The Inner Man : JG Ballard Biography


Postby semper occultus » Mon Aug 22, 2011 7:40 am

isn't this the headline to be used for John Lennon biogs ?

Author JG Ballard 'secretly beat his girlfriend and fantasised about driving a car into her face'

Last updated at 11:37 AM on 22nd August 2011

The author JG Ballard, whose controversial book Crash involved people getting sexually aroused by real road accidents, secretly beat his own girlfriend and spoke about driving a car into her face, according to a new book.

The claims are made in a biography by John Baxter about the cult novelist, who died of cancer in 2009.
The Inner Man: The Life of JG Ballard suggests a link between Ballard's fictionalised violence in his books and his own life. His book Crash had such a cult following that it was later turned into a movie.

Baxter, who started a career in the 1960s as a science fiction author, writes about Ballard's relationship with his former girlfriend, Claire Walsh and claims the author enjoyed 'unconventional sex'.

Claire worked in publishing and first met Ballard after the death of his wife, Mary.
Their relationship lasted 40 years and Baxter claims that Claire often turned up to parties with dark glasses in an effort to try and hide bruising.
Another revelation in the book claims that Ballard once took hold of Claire's face while proclaiming to author Charles Platt that he planned to stage a car crash with Claire as the star.
Ballard placed his palms on her cheeks and said: 'Look at this beautiful face. Can't you just imagine that shape of a radiator grille superimposed.'
His alleged abuse of Claire became such a problem that he even fell out with sci-fi novelist Michael Moorcock.

It is believed Claire arrived at a party at Moorcock's house and claimed that she had been pushed out of a car following an argument with Ballard.
Furious, Moorcock eventually confronted Ballard about the alleged abuse but Ballard didn't respond. The argument ended their friendship.
The book also talks about how Ballard remained at his marital home where he brought up his three children throughout their entire relationship.

Only when he developed Cancer did Ballard move in to Claire's Shepherd Bush home in West London so she could nurse him.
The couple briefly broke up in the 1970s when he had an affair with Emma Tennant, daughter of the novelist Lord Glenconner.

Miss Tennant told the Sunday Times that there was never any hint of violence during their brief fling.
'He was always extremely affectionate and old-fashioned in his ways. Never any hint of any violence,' said Ms Tennant.
Claire would not comment on the accusations, only saying they were 'bizarre'.
However, she did say that Baxter had approached Ballard before he died and had asked him if he could write his biography, but had been rejected.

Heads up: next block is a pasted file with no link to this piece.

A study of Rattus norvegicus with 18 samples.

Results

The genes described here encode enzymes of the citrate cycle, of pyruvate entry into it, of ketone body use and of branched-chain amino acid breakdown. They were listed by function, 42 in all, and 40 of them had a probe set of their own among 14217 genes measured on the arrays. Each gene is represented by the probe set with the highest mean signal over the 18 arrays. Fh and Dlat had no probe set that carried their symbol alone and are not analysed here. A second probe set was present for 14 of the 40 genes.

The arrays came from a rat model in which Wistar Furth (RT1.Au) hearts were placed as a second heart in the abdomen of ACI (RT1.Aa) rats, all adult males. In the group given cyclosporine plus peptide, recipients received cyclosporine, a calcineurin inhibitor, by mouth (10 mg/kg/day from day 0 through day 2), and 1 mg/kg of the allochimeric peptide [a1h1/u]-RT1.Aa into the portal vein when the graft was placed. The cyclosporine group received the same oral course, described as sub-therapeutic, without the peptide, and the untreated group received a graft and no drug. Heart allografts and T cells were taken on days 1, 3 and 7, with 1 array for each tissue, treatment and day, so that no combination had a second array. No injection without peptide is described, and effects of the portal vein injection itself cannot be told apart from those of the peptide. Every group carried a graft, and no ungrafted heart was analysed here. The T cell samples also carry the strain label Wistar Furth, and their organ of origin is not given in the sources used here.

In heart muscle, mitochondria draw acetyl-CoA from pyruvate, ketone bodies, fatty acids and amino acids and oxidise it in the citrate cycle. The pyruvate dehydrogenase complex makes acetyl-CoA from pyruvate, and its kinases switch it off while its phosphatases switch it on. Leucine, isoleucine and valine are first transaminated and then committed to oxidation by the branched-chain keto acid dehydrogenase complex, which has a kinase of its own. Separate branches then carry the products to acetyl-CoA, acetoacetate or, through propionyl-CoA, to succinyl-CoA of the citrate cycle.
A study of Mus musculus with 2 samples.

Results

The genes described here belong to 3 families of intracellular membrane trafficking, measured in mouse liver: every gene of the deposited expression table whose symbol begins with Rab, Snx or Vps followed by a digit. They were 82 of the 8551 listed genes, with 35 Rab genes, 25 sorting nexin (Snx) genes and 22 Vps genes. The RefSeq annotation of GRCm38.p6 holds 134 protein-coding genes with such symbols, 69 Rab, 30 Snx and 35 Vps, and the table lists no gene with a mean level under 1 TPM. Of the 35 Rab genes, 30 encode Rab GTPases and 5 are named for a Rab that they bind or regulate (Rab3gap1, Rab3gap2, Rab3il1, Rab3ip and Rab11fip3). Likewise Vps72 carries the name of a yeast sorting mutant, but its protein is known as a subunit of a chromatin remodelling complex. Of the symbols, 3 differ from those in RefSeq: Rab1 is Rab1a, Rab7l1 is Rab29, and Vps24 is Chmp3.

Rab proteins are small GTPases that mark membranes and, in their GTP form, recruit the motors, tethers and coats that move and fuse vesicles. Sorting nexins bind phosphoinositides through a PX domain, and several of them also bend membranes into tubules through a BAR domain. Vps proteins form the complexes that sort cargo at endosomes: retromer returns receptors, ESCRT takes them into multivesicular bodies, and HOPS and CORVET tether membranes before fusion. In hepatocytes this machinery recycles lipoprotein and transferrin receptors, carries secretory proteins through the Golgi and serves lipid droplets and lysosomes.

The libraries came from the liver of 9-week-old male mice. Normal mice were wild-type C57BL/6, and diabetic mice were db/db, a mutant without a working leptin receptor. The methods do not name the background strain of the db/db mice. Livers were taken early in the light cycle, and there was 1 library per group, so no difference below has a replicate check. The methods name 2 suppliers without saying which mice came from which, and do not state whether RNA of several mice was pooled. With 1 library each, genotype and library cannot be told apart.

In his own autobiography, Ballard described Claire as 'passionate, principled, argumentative and loyal.'

The Inner Man: The Life of JG Ballard is to be published by Weidenfeld and Nicolson.

To many people, J.G. Ballard will always be the schoolboy in Steven Spielberg's movie Empire of the Sun, struggling to survive as an internee of the Japanese during World War II. Others remember him as the author of Crash, a meditation on the eroticism of the automobile and the liebstod of the car crash. The book he styled 'the first pornographic novel about science' dramatised the reality behind his formula for the twenty-first century - 'Technology x sex = the future'. It too became a film, and a cause celebre for its frank depiction of a fetish which, as this book reveals, was no literary conceit but a lifelong preoccupation. Uniquely among his contemporaries, Ballard understood and exploited the language of advertising and promotion. Because of him, the term 'inner space' and phrases like 'the only alien planet is Earth' passed into the language. So did the adjective 'Ballardian' - 'resembling or suggestive of the conditions described in Ballard's novels and stories, esp. dystopian modernity, bleak man-made landscapes and the psychological effects of technological, social or environmental developments'. In this first biography, John Baxter draws on an admiration of and acquaintance with Ballard that began when they were writers for the same 1960s science fiction magazines. With the help of the few people whom he admitted to his often hermit-like existence, it illuminates the troubled reality behind the urbane and amiable facade of a man who was proud to describe himself as 'psychpathic'.